Women’s Clinic will offer IUDs this semester
The Women’s Clinic at the Student Health Center will begin offering intrauterine devices (IUDs) this semester, making it the fifth birth control option offered on campus.
An IUD is a small, T-shaped form of birth control inserted directly into the uterus. Hormonal IUDs secrete hormones that prevent pregnancy, while copper IUDs prevent the sperm from swimming to an egg, according to Planned Parenthood.
IUDs have a 99 percent prevention rate and can last from 3 to 12 years. Sixty percent of women in the United States are currently using some form of birth control, and among them, IUDs are one of the most commonly used contraceptives, according to a study conducted by the Guttmacher Institute.
“People come to college to learn, to make mistakes. This saves you from that mistake, helps you take control of your life,” said Associate Director of Student Health Services Roderick Jordan.
Jordan said the Student Health Center is still in the process of acquiring the IUDs, so he is unsure when they will become available to students.
Providing IUDs to students has been a long time coming, but the issue is figuring out the pricing of the devices, Jordan said. Each IUD will cost the clinic $278 to purchase — this heavy cost would fall onto the student, even through the Student Health Center’s student health insurance plan.
“We are trying to find a way to eat some of that cost, but how much can we afford to lose?” Jordan said.
Until IUDs become available, the Women’s Clinic will continue to offer other forms of birth control.
Condoms are always offered for free. A generic form of birth control pills is offered for free to individuals with student health insurance and for $20 for a four-week supply to those without insurance, said Women’s Clinic Head Nurse Practitioner Virginia Miller.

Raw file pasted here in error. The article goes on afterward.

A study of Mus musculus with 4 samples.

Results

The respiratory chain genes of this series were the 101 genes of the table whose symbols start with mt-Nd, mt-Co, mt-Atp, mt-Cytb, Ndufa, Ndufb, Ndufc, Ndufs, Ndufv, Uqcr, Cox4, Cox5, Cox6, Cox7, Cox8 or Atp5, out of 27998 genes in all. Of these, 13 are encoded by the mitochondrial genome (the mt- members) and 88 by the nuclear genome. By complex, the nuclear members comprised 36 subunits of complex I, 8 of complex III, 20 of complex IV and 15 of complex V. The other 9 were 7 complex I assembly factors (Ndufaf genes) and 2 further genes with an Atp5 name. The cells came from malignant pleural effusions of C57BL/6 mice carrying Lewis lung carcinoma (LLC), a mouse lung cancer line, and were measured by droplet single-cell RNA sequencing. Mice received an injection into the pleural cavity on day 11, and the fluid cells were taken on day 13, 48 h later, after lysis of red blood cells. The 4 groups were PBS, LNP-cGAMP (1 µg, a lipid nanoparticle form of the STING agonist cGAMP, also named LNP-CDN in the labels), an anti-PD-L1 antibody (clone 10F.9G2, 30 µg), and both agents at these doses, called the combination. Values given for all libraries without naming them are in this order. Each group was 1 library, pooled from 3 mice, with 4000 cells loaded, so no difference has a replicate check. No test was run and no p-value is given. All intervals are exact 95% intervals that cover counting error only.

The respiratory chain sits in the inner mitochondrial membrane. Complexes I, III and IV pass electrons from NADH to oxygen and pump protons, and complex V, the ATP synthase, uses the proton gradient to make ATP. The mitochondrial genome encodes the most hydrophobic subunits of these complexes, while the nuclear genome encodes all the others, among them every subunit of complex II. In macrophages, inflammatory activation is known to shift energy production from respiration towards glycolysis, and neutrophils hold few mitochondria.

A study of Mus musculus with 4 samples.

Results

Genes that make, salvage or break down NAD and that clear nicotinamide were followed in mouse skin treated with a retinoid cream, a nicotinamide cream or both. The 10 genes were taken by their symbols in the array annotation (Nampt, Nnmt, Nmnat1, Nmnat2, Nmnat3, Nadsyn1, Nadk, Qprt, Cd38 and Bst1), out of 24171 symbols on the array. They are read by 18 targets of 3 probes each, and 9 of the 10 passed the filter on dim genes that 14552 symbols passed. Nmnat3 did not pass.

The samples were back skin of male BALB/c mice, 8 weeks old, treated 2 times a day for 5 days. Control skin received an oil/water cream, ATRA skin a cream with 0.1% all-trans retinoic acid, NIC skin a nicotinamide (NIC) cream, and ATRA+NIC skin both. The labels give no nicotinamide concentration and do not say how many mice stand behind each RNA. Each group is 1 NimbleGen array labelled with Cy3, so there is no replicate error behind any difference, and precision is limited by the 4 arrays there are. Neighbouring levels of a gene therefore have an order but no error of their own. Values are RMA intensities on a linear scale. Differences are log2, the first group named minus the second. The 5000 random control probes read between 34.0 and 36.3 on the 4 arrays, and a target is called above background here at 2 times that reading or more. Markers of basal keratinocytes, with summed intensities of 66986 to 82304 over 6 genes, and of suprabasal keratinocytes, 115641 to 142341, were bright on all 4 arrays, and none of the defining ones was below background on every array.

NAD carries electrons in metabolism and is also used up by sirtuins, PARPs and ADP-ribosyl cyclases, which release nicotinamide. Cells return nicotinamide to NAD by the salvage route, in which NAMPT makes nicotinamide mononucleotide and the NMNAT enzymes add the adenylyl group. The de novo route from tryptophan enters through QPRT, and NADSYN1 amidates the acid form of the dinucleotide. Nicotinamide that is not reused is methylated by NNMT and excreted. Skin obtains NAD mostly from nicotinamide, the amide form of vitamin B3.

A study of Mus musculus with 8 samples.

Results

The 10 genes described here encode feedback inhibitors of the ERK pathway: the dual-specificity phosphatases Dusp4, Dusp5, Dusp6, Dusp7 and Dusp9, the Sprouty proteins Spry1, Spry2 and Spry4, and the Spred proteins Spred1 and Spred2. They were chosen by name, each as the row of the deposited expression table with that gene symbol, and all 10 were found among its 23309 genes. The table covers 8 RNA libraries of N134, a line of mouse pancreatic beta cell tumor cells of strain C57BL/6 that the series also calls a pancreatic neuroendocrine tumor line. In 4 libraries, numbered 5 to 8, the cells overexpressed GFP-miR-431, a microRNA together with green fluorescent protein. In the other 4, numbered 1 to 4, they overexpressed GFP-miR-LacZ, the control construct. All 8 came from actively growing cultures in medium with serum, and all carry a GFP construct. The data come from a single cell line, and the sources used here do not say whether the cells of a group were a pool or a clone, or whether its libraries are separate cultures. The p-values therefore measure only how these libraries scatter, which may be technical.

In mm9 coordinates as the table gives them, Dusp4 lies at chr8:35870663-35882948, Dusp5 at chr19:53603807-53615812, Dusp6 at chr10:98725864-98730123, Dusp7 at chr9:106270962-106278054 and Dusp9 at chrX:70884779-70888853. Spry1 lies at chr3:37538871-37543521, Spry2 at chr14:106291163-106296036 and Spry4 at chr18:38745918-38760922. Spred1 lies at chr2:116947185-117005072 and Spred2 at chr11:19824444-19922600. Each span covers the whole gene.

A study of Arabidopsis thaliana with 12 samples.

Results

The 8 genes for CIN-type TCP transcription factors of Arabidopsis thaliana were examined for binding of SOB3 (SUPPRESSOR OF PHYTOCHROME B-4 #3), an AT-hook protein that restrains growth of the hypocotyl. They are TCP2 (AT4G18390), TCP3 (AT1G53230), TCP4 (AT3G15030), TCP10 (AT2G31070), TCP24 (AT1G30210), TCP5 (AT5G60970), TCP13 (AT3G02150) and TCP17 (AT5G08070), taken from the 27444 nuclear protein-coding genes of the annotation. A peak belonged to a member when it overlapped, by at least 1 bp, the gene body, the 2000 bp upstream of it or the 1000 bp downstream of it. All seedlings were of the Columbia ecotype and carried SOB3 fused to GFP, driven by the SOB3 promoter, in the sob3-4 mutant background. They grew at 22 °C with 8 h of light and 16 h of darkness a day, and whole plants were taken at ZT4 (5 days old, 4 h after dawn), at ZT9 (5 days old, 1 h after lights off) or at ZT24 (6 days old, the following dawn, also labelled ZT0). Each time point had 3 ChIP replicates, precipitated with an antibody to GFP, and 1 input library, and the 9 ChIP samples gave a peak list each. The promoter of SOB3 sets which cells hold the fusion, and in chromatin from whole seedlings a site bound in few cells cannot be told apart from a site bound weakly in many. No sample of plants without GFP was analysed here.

The Clinic also provides Depo-Provera shots, which is a shot that prevents pregnancy for three months at a time, as well as a generic form of Plan B, otherwise known as the “morning after” pill, Miller said.
“I think more readily available options for students who are considering something like that is always a good thing,” said creative writing junior Sarah Garrison.
Despite this variety, Miller said that IUDs will have many advantages for students.
“They can last from three to ten years. As a bonus, you don’t have to take a pill every day,” Miller said.
Miller said it is important to offer many different kinds of birth control.
“The shoe doesn’t fit all. You have to find what you’re comfortable with,” Miller said.
Miller had been sending students to off-campus doctors to have IUDs placed, because UH facilities did not offer the service.
“Then the cost falls onto the student, and we don’t want that,” Miller said.
Miller recommends that students do the research on their own and try to discover what birth control option will suit them best.
“It’s super helpful knowing I have all these options on campus,” said junior psychology major Kaitlyn Cribbs.
Cribbs said that she liked that IUDs would be among the types of contraceptives offered at the Women’s Clinic.
“For me, seeking birth control is very difficult,” Cribbs said. “Being able to have the school as a resource makes me feel safe and valued as a student and an individual.”
A reporter from the Cougar reached out to United Healthcare, the provider of the University’s student health insurance, to confirm this information.
A representative with United Healthcare explained that the University of Houston student health insurance plan includes IUDs in their covered contraceptive methods, as per the Affordable Care Act. This coverage ensures that IUDs are available to individuals on the plan at no charge, so long as the insurance plan is accepted.
The student health insurance plan specifies that all preventive care services, including contraceptive methods, will have “no deductibles, copays or coinsurance…when the services are received from a Preferred Provider.”
The spokesperson then clarified that under no circumstances should students be charged for IUD services on the UH campus, contrary to fears by clinic administration that students may be responsible for the nearly $300 contraceptive cost.